Rothe, N.; Gooday, A.J.; Cedhagen, T.; Fahrni, J.; Hughes, J.A.; Page, A.; Pearce, R.B.; Pawlowski, J. (2009). Three new species of deep-sea Gromia (Protista, Rhizaria) from the bathyal and abyssal Weddell Sea, Antarctica. Zool. J. Linn. Soc. 157(3): 451-469.
In: Zoological Journal of the Linnean Society. Academic Press: London. ISSN 0024-4082; e-ISSN 1096-3642
Peer reviewed article  

Beschikbaar in  Auteurs 

    Abyssal zone
    Acids > Organic compounds > Organic acids > Nucleic acids > DNA
    Geography > Biogeography
    Taxa > Species > New taxa > New species
    PSW, Antarctica [Marine Regions]; PSW, Weddell Sea [Marine Regions]
Author keywords
    ANDEEP; biogeography; secondary agglutinated structure; small subunitribosomal DNA; taxonomy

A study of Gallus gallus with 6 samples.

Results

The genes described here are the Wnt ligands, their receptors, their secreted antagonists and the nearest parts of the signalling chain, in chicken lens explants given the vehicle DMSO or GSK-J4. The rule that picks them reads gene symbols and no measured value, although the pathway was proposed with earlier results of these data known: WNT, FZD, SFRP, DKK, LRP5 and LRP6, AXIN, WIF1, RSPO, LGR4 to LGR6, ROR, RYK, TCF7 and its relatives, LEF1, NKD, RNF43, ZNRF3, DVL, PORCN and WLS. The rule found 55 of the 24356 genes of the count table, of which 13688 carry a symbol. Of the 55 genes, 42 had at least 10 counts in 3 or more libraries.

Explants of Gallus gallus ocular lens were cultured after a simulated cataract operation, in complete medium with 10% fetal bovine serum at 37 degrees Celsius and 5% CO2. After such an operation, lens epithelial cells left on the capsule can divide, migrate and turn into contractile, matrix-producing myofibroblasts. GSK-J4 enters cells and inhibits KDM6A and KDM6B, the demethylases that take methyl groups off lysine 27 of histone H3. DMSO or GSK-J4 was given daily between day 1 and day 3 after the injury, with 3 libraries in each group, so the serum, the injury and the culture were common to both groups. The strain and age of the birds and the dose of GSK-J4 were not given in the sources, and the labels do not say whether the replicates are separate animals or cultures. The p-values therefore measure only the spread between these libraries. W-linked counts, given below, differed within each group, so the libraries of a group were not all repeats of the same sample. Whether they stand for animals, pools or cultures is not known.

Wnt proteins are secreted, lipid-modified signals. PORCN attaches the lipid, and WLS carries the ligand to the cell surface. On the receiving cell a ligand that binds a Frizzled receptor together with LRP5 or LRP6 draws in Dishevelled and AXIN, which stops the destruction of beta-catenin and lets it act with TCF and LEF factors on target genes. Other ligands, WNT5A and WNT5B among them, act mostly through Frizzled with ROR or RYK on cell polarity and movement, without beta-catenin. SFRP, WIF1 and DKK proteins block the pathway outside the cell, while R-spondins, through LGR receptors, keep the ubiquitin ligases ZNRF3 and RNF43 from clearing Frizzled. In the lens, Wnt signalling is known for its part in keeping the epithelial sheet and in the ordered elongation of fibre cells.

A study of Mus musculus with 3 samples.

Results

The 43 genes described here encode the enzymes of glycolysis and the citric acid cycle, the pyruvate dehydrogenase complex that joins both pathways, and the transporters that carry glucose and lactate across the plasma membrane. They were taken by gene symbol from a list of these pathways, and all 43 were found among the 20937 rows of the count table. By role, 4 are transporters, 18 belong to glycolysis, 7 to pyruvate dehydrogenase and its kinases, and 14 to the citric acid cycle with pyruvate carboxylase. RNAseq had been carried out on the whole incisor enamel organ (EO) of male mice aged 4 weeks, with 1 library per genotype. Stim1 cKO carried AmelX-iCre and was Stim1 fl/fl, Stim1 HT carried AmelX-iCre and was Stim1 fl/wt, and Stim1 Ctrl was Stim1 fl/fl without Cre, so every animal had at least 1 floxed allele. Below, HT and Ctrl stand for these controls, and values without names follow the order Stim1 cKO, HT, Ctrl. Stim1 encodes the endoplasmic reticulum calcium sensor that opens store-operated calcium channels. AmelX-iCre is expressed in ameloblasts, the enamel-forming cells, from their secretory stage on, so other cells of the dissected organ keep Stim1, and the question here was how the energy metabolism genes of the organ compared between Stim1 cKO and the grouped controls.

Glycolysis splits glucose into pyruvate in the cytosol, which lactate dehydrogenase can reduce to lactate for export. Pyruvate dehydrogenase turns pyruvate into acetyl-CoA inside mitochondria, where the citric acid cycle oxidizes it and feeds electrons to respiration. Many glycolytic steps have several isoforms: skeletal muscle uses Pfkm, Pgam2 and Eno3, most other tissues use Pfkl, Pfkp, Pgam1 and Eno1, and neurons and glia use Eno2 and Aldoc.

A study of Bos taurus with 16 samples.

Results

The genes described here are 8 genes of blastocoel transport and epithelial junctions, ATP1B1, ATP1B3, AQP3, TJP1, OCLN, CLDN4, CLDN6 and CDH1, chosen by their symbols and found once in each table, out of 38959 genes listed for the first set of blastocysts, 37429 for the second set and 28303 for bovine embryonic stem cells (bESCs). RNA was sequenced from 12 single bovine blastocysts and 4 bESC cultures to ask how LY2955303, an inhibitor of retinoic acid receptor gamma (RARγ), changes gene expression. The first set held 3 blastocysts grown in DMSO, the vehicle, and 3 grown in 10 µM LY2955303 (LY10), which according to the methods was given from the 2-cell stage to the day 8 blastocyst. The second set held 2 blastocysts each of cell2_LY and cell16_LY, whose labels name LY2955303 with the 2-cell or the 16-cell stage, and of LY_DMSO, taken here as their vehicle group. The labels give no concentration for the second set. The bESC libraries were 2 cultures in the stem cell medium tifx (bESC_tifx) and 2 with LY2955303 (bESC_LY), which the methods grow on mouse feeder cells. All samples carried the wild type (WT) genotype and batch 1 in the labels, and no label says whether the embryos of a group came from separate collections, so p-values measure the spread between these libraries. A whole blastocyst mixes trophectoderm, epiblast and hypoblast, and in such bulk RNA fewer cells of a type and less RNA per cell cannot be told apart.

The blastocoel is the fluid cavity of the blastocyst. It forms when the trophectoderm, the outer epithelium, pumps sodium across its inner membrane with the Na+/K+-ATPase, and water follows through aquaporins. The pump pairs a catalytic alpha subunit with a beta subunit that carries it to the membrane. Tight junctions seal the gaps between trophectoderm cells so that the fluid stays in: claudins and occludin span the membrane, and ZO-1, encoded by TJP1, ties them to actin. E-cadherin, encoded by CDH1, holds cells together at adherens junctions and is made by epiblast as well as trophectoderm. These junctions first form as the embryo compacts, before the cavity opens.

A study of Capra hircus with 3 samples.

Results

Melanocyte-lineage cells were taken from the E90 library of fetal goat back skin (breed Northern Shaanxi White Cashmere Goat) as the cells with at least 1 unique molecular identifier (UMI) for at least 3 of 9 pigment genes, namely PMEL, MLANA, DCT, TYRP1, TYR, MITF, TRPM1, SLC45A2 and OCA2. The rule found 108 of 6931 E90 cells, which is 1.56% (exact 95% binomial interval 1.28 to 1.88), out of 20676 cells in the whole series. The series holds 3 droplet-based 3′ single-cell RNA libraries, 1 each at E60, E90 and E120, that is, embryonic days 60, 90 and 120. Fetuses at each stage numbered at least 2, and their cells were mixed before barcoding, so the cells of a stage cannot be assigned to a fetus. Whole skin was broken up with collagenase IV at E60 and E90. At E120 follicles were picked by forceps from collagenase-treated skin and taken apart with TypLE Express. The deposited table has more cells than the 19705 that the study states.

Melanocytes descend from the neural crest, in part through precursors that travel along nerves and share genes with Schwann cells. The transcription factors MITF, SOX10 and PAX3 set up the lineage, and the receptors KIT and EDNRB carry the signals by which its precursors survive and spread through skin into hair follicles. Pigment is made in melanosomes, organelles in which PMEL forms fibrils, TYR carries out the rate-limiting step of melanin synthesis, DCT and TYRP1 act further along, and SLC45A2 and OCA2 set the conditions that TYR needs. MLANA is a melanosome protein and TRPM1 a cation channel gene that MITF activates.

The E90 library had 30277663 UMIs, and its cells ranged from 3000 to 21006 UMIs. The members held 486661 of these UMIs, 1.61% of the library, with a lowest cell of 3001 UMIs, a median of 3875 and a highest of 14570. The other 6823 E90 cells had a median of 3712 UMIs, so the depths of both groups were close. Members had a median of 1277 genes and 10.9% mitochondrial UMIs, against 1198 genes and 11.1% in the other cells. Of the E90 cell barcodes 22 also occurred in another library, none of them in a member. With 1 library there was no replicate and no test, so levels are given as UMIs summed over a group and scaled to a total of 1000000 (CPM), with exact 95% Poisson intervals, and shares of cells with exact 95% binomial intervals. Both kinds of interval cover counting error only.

Auteurs  Top 
  • Rothe, N.
  • Gooday, A.J.
  • Cedhagen, T.
  • Fahrni, J.
  • Hughes, J.A.
  • Page, A.
  • Pearce, R.B.
  • Pawlowski, J.

    We describe three new species of the genus Gromia from bathyal and abyssal depths in the Weddell Sea. The new species are characterized by a combination of morphological and molecular criteria. All three species possess a distinct oral capsule and a layer of 'honeycomb membranes', which form the inner part of the organic test wall. Both these features are typical of gromiids. Their identification as gromiids is confirmed by analyses of partial small subunit ribosomal DNA (SSU rDNA) gene sequences. Gromia marmorea sp. nov. is a rounded species with a prominent oral capsule and a characteristically mottled appearance. In Gromia melinus sp. nov., the test surface exhibits a polygonal pattern of ridges, with a layer of clay particles coating the surface between the ridges. Gromia winnetoui sp. nov. represents an elongate morphotype in which the organic test is enclosed within an agglutinated case, a feature previously unknown in gromiids. Phylogenetic analysis using the maximum-likelihood method revealed that all three species form distinct clades, reflecting the morphological differences among Weddell Sea species, as well as between deep-water Southern Ocean Gromia and previously described gromiids.